Grover Washington was a popular American jazz saxophonist, with a style reflecting soul-jazz and jazz funk, as well as a songwriter, throughout the 1970s and 1980s. Born in Buffalo, New York, on December 12, 1943, to Grover Washington Sr., a tenor saxophonist, and Lillian Washington, a church chorister. Washington was surrounded by musicians, including a brother who was an organist in church choirs and another brother who played the drums.
At the age of 8, Washington’s father gave him a saxophone – although he admitted that his first love was classical music. In high school Washington was a baritone saxophonist with the all-city high school band. Additionally, he studied chord progressions with Elvin Shepherd, a legendary trumpet player and saxophonist. After finishing high school at the age of 16, Washington left Buffalo and joined the Four Clefs, a Midwest ensemble, performing with them from 1959 to 1963. Following the breakup of the Four Clefs, Washington joined Keith McAllister’s band, Mark III Trio, from Mansfield, Ohio.
In 1965 Washington was drafted into the U.S. Army. During that time he met Billy Cobham, a popular Panamanian American jazz drummer. After leaving the service in 1967, Washington began freelancing his musical skills throughout New York City and Philadelphia. His first album, Inner City Blues, was released on the Kudu Records label in 1971.
In 1974 Washington’s fourth album, Mister Magic, landed at no. 1 on Billboard’s R&B album chart and no. 10 on Billboard’s Top 40 album chart. In February of 1981 Washington released Just the Two of Us on Elektra Records. The title song with the same name, “Just the Two of Us,” featured Bill Withers on vocals. The song, produced by Washington and Ralph MacDonald and written by Withers, William Salter, and Ralph MacDonald, became Washington’s biggest hit. It peaked at no. 2 on the Billboard Hot 100 chart, went platinum (selling more than 1 million records) and won the Grammy Award in 1982 for Best R&B song.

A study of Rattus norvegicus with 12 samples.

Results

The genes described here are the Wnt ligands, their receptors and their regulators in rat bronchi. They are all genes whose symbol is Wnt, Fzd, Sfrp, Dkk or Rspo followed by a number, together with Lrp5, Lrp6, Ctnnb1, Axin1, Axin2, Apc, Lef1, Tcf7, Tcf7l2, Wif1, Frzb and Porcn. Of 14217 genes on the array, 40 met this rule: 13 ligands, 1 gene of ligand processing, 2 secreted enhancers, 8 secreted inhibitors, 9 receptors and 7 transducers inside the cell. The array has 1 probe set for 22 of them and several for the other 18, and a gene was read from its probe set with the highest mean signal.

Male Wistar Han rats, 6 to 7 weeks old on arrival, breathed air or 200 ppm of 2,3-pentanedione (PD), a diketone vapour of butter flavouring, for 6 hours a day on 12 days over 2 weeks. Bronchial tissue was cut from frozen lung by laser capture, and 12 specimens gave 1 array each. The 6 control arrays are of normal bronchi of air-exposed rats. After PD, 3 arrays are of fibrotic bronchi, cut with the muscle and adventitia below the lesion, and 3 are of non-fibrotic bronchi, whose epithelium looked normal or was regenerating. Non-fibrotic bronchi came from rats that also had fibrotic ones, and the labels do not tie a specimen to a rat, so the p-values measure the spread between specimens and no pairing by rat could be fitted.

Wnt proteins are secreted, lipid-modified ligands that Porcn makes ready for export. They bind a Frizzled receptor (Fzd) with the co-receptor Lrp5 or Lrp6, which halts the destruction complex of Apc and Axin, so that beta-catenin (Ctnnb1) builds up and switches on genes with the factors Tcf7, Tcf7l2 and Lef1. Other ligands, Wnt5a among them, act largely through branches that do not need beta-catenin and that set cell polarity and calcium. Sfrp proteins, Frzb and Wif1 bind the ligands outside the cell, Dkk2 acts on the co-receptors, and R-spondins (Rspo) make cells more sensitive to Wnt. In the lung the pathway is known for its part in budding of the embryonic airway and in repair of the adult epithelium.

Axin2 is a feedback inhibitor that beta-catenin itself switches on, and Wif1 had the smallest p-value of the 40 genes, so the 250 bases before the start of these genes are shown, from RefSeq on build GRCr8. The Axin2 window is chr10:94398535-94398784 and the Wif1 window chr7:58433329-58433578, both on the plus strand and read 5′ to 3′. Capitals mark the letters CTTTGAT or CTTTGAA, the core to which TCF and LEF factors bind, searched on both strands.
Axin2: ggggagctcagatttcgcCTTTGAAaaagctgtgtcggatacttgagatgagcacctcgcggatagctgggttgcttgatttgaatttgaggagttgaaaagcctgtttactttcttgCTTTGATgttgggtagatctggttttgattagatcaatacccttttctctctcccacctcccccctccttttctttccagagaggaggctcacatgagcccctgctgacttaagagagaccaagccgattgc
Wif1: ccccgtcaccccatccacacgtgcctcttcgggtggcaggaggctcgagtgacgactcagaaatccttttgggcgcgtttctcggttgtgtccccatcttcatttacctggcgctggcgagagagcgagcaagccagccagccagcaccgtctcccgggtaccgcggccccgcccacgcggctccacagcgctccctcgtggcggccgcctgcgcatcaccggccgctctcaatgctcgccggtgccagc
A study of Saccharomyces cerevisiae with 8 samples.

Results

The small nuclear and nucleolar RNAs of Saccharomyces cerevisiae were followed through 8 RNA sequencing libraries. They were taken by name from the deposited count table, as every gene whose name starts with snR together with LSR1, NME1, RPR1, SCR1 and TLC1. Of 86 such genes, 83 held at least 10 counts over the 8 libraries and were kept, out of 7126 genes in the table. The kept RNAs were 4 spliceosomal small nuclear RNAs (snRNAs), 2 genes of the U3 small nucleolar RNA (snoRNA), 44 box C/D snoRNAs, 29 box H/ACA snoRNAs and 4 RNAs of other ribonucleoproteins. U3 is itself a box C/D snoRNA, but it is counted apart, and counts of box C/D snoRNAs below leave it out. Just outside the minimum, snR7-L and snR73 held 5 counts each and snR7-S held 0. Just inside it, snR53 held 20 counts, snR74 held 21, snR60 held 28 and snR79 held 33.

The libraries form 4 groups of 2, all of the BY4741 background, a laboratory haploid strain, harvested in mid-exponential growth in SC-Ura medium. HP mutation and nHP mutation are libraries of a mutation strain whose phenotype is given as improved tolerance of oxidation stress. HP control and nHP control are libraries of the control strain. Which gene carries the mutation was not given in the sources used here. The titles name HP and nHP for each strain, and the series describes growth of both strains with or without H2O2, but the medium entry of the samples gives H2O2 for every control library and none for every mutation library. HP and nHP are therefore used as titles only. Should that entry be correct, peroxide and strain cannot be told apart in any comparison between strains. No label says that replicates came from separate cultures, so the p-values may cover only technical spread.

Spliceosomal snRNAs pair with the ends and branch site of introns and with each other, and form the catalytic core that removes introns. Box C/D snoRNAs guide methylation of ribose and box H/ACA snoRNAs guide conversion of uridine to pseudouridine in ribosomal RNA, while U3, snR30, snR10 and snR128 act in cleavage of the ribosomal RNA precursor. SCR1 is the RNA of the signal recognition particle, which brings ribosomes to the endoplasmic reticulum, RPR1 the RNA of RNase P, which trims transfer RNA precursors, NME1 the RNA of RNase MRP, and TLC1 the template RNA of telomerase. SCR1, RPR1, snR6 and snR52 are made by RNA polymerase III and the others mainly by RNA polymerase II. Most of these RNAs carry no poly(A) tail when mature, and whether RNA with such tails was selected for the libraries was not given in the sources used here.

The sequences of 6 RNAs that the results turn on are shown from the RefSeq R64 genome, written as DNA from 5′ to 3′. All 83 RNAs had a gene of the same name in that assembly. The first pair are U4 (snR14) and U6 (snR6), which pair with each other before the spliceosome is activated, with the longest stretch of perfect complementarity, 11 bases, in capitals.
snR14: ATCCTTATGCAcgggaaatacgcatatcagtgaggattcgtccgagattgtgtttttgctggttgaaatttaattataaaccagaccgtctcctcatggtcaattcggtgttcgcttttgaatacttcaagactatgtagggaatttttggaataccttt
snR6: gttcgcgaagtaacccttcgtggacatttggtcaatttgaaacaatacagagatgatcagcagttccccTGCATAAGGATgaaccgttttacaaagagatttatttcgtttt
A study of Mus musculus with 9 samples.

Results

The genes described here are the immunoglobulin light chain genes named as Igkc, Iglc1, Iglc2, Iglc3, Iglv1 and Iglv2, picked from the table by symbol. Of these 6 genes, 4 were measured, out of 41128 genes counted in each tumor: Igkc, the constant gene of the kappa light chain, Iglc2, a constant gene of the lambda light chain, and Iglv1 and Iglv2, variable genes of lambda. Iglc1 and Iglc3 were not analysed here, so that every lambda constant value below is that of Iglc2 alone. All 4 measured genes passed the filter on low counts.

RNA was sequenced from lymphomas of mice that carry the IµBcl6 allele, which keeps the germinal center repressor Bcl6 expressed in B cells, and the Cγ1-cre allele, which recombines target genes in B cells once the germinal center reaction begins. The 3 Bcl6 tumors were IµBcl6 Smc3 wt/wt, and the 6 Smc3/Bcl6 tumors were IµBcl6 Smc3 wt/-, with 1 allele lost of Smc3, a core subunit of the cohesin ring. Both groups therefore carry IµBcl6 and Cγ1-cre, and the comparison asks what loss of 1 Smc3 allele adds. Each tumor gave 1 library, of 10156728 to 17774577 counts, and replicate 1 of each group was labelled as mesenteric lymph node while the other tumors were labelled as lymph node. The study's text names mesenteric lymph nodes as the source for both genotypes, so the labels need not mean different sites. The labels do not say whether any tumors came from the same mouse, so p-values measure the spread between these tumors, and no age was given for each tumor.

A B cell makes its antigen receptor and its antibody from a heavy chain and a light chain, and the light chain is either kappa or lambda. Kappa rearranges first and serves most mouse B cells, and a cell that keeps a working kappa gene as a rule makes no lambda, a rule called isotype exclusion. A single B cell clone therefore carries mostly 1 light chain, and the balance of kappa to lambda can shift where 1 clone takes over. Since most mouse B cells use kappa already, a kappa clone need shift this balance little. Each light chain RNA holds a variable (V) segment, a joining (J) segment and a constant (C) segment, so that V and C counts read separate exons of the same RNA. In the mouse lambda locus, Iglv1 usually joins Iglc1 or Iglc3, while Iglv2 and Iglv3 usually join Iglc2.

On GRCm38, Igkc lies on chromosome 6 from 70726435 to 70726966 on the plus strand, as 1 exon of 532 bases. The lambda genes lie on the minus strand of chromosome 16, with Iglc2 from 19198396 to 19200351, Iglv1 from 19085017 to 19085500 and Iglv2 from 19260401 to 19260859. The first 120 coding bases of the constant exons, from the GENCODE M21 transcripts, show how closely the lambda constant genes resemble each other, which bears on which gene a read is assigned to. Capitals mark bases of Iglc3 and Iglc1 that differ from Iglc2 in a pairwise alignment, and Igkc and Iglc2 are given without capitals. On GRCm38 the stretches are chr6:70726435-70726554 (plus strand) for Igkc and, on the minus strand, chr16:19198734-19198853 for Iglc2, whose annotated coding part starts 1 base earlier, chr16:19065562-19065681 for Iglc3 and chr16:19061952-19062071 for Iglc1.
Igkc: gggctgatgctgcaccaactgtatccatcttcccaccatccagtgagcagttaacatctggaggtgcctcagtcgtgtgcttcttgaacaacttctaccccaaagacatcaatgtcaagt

The song was covered (remade) by Will Smith on his 1997 Big Willie Style album and was featured in the 1999 movie Austin Powers: The Spy Who Shagged Me, sung by Dr. Evil (Mike Myers) to Mini-Me (Verne Troyer). It was also featured in a 2019 episode of “The Neighborhood,” in which Calvin (Cedric the Entertainer) and wife, Tina (Tichina Arnold), sing the song to each other.
On December 17, 1999, Grover Washington Jr. collapsed while waiting in a green room following the taping of four songs for CBS’s The Early Show. Taken to St. Luke’s-Roosevelt Hospital, he was pronounced dead at 7:30 p.m. due to a massive heart attack. Washington was 56 years old. His legacy and music continue to inspire as well as be celebrated by many pop, R&B, and jazz artists.